This time of year is always a strange one for followers of California’s sometimes chaotic and other times opaque legislative process. Specifically, May 21st is the deadline for the Senate and Assembly Appropriations Committees to report fiscal bills introduced in the house of origin to their respective floors. The process is a two-tiered one. First, bills are heard on their substance. Then, if the cost of a bill is determined to be $50,000 or more to the General Fund or $150,000 or more to a special fund, the bill meets the criteria for referral to the Suspense File. Bills on the Suspense File will be placed on the agenda for vote only on the May 20 hearings of these committees.
It is on the Suspense File where most of the significant workers’ compensation bills moving this year are currently awaiting their fate. In the Senate, these bills are consequential. Senate Bill 213 (Cortese), which would enact presumptions of compensability for many injuries affecting workers who provide direct patient care in an acute care hospital, has been tagged with a cost in the tens of millions of dollars annually.
Senate Bill 335 (Cortese) shortens the time to investigate a claim from 90 days to 45 days for most injuries and from 90 days to 30 days for injuries that are presumptively compensable. The bill also increases penalties for unreasonably delayed or denied benefits to workers whose claims are subject to presumptions.
The latter amendment would turn the clock back to pre-2004 days in the circumstances in which it would apply. The Senate Appropriations Committee analysis of the bill notes, “the bill’s specified changes would result in higher workers compensation costs for state departments, as the State is a direct employer. The magnitude is unknown, but could minimally be in the hundreds of thousands of dollars annually across state departments.”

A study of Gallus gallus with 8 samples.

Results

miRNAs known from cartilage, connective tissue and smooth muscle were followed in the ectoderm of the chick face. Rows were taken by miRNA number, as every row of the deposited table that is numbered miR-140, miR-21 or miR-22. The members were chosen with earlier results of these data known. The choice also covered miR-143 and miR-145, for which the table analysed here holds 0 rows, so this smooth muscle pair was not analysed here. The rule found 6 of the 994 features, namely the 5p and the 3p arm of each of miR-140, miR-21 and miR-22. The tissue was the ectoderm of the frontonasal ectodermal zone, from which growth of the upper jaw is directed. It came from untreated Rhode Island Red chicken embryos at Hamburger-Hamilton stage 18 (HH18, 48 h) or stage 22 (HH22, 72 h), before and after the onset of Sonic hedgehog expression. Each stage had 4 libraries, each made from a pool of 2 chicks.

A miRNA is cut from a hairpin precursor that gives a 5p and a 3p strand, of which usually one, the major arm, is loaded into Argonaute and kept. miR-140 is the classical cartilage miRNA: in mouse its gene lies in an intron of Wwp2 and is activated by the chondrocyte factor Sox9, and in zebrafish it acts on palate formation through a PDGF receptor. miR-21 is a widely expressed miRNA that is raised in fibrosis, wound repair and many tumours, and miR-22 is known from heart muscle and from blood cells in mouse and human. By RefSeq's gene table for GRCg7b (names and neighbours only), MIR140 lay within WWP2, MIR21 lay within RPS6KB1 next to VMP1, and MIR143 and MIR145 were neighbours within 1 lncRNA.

The third significant workers’ compensation bill awaiting action on the Suspense File is Senate Bill 788 (Bradford). This bill is the latest iteration of a long-standing effort to prohibit consideration of race, religious creed, color, national origin, age, gender, marital status, sex, sexual identity, sexual orientation, or genetic characteristics to determine the approximate percentage of the permanent disability caused by other factors than the injury for which benefits are being sought. The analysis of this bill stated there could be additional costs to the State based on higher litigation and indemnity costs but could not quantify those costs.
The Assembly Appropriations Committee Suspense File is far less suspenseful. Assembly Bill 404 (Salas) was amended into a benign bill requiring the Division of Workers’ Compensation to review the Medical-Legal Fee Schedule (MLFS) at least every two years to see if inflation adjustments are warranted. Assembly Bill 1465 (Reyes), which only recently created cardiac episodes for many in the payer and vendor communities by creating a state-run Medical Provider Network (MPN), now requests the Commission on Health and Safety and Workers’ Compensation (CHSWC) to study access to medical treatment. The Appropriations Committee staff found the $300,000 one-time expense of contracting for the study was sufficient to shuffle the bill off to the Suspense File.
So there you have it. By the end of the week, most of the major 2021 workers’ compensation legislation may be held in Appropriations Committees. It is also possible that some or all of these measures will be on their way to their respective floors. One thing is for certain – the Legislature does not recess until September 10. While on May 21, many may be breathing a sigh of relief, it is still way too early to relax.
Note: The opinions expressed herein may or may not be those of Workers’ Comp Executive. Mark Webb is a former Arizona insurance regulator, insurance company chief compliance officer, and is an expert in corporate governance, risk and compliance. He is the owner of Prop 23 Advisors.